RFR (M): 8168467: Use TaskEntry as task mark queue elements
kim.barrett at oracle.com
Thu Mar 9 21:28:01 UTC 2017
> On Mar 8, 2017, at 5:31 AM, Thomas Schatzl <thomas.schatzl at oracle.com> wrote:
> On Tue, 2017-03-07 at 19:11 -0500, Kim Barrett wrote:
>>> On Mar 7, 2017, at 11:35 AM, Thomas Schatzl <thomas.schatzl at oracle.
>>> com> wrote:
>>>> 42 #ifdef _MSC_VER
>>>> 43 #pragma warning(push)
>>>> 44 // warning C4522: multiple assignment operators specified
>>>> 45 #pragma warning(disable:4522)
>>>> 46 #endif
>>>> Is the non-volatile overload of operator= needed?
>>> Yes, it is part of the API for the task queues.
> Actually, the volatile overload is part of the task queue API.
>>>> Or can the need for an assignment operator be eliminated? That
>>>> is, replace one or both with a named function, say "assign(...)".
>>> What is the reason for this suggestion? Having two assignment
>>> operators, one for volatile and other for non-volatile instances
>>> does not seem to be really problematic. When I tried this the code
>>> doing the assignments became more unnatural looking.
>>> This seems to be more a case of the compiler being over-cautious
>>> than a real problem.
>> I have a vague recollection of a real problem involving having both
>> volatile and nonvolatile overloads with the Microsoft compiler under
>> some circumstances. But that could be old information, or I could
>> just be misremembering. The documentation for this warning does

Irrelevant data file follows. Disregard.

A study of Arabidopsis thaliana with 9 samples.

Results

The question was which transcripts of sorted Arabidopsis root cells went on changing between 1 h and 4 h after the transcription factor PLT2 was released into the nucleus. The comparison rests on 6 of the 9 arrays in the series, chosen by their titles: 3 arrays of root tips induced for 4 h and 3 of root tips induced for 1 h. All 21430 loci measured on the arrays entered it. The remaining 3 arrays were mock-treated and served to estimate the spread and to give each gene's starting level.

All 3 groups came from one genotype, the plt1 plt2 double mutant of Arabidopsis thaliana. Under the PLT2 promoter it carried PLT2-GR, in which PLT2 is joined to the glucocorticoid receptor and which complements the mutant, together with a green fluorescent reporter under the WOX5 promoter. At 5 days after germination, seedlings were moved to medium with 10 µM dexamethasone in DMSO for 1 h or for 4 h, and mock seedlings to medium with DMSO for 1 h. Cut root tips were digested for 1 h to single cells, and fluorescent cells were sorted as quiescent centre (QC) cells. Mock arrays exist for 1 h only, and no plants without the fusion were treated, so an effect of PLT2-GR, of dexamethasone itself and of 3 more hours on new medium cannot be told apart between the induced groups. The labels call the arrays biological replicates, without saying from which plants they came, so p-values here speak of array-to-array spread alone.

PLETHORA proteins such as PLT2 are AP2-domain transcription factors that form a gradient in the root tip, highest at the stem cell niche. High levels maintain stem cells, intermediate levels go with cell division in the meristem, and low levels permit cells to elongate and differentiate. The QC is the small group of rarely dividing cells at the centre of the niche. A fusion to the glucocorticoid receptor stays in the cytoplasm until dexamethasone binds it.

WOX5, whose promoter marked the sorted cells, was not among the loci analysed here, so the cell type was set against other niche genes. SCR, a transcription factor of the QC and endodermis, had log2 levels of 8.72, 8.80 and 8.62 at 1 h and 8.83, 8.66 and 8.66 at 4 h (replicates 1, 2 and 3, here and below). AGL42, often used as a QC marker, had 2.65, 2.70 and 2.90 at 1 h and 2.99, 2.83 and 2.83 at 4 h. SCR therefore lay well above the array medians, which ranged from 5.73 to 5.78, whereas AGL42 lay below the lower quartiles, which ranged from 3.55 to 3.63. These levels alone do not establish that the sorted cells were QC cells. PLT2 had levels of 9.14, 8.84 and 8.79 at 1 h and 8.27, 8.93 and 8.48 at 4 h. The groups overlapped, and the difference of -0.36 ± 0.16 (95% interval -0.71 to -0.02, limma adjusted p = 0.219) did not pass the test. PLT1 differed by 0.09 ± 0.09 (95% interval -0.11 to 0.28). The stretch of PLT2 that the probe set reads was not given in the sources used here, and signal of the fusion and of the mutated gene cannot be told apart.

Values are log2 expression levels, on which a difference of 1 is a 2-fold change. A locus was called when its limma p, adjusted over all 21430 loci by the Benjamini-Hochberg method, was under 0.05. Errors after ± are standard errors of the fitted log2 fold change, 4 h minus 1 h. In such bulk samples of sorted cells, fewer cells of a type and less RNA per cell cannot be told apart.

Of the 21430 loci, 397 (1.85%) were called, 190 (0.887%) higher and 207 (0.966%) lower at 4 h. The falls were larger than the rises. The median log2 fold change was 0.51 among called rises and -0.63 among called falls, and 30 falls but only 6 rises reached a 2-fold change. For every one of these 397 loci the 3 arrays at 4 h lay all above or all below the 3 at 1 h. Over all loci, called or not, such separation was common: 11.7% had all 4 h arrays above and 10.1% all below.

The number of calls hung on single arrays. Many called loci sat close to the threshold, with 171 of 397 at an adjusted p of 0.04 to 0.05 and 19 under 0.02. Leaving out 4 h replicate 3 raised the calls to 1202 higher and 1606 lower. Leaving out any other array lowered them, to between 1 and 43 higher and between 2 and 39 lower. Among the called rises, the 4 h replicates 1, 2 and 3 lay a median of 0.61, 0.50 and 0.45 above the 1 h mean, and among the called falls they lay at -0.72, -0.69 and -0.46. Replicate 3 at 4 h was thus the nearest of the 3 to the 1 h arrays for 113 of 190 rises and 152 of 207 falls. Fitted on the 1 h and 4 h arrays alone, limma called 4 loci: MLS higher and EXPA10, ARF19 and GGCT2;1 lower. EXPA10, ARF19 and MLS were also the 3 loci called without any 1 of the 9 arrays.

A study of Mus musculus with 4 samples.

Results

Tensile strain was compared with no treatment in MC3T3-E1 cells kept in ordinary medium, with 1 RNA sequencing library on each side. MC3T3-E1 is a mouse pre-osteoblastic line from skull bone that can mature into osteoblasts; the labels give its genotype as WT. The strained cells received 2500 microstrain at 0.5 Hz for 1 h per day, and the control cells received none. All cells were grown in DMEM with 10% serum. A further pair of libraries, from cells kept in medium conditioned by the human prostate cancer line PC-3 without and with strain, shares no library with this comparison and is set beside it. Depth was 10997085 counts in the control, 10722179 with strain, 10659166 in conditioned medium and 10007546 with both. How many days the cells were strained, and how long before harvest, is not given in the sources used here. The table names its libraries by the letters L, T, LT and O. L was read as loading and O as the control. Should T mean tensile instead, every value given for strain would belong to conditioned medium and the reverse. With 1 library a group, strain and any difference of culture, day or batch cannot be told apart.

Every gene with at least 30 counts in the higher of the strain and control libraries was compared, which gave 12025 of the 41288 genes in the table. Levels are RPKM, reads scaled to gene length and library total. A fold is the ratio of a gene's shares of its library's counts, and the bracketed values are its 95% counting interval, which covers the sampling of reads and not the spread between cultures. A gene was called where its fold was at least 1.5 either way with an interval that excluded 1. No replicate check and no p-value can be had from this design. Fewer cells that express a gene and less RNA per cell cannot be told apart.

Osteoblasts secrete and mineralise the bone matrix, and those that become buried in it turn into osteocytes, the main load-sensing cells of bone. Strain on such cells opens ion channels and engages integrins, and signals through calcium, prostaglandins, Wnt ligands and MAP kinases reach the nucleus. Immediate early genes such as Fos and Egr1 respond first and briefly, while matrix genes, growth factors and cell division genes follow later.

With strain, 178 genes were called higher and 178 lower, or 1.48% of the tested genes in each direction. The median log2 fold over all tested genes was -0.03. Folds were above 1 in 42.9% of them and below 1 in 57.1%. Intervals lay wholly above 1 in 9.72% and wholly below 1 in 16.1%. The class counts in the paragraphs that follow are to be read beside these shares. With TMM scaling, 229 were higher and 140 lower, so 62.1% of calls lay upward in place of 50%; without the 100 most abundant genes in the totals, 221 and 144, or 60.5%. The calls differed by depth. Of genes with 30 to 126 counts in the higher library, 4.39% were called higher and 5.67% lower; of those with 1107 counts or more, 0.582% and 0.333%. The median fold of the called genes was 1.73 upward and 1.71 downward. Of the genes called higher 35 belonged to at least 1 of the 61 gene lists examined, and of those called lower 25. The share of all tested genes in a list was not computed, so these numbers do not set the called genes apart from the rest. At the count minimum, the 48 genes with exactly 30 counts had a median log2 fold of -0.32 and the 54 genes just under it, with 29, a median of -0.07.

>> indicate that it's only informational, and the code should work as
> We use that code for seven years in Hotspot (StarTask in taskqueue.hpp)
> without issues.
> [The differences between this and StarTask is another issue, now with
> having implemented all your suggestions regarding improved code quality
> in G1TaskQueueEntry, they now look sufficiently different to be not
> immediately recognizable to mostly serve the same purpose. I filed
>> The warning, and the need to suppress it, is still annoying. That's
>> why I asked whether the nonvolatile overload is actually
>> required. Is there any problem with just having the volatile method?
> It simply looks ugly and unnatural to use for accommodating some weird
> compiler spewing out otherwise informational messages as warnings.
> I prepared a patch for how this would look like:
> I will probably need to add a comment now why we use an extra assign
> method instead of the operator now :-)
> As for the change, if you insist on having an extra assign method just
> to avoid this pragma and decrease readability of the uses of that code,
> let's use webrev.2 as the current version.
I agree the assign functioning approach is kind of ugly.
But you still haven't answered my question as to whether the
nonvolatile operator is actually needed, e.g. just use the volatile
But I finally remembered this:
(Sorry it took so long to dredged this up, but it's been maybe a dozen
years since I tripped over it.)
Discussion there suggests returning volatile& is problematic, which
seems right. The callers (GenericTaskQueue's push and push_slow) need
to const_cast away the volatile and then cast to void the result. Much
simpler would be an operation that didn't return volatile& (either a
void returning volatile operator= or a named function).
This is all getting rather far afield from the change at hand though.
I suggest going with webrev.1 and a cleanup RFE around volatile operator=.
(I suggest no volatile operator=, instead a volatile assign function,
and change taskqueue push to use that.)
I think StarTask and maybe the various flavors of oop are related.
Hm, why doesn't the oop class need similar warning suppression?
If you agree, then webrev.1 looks good to me.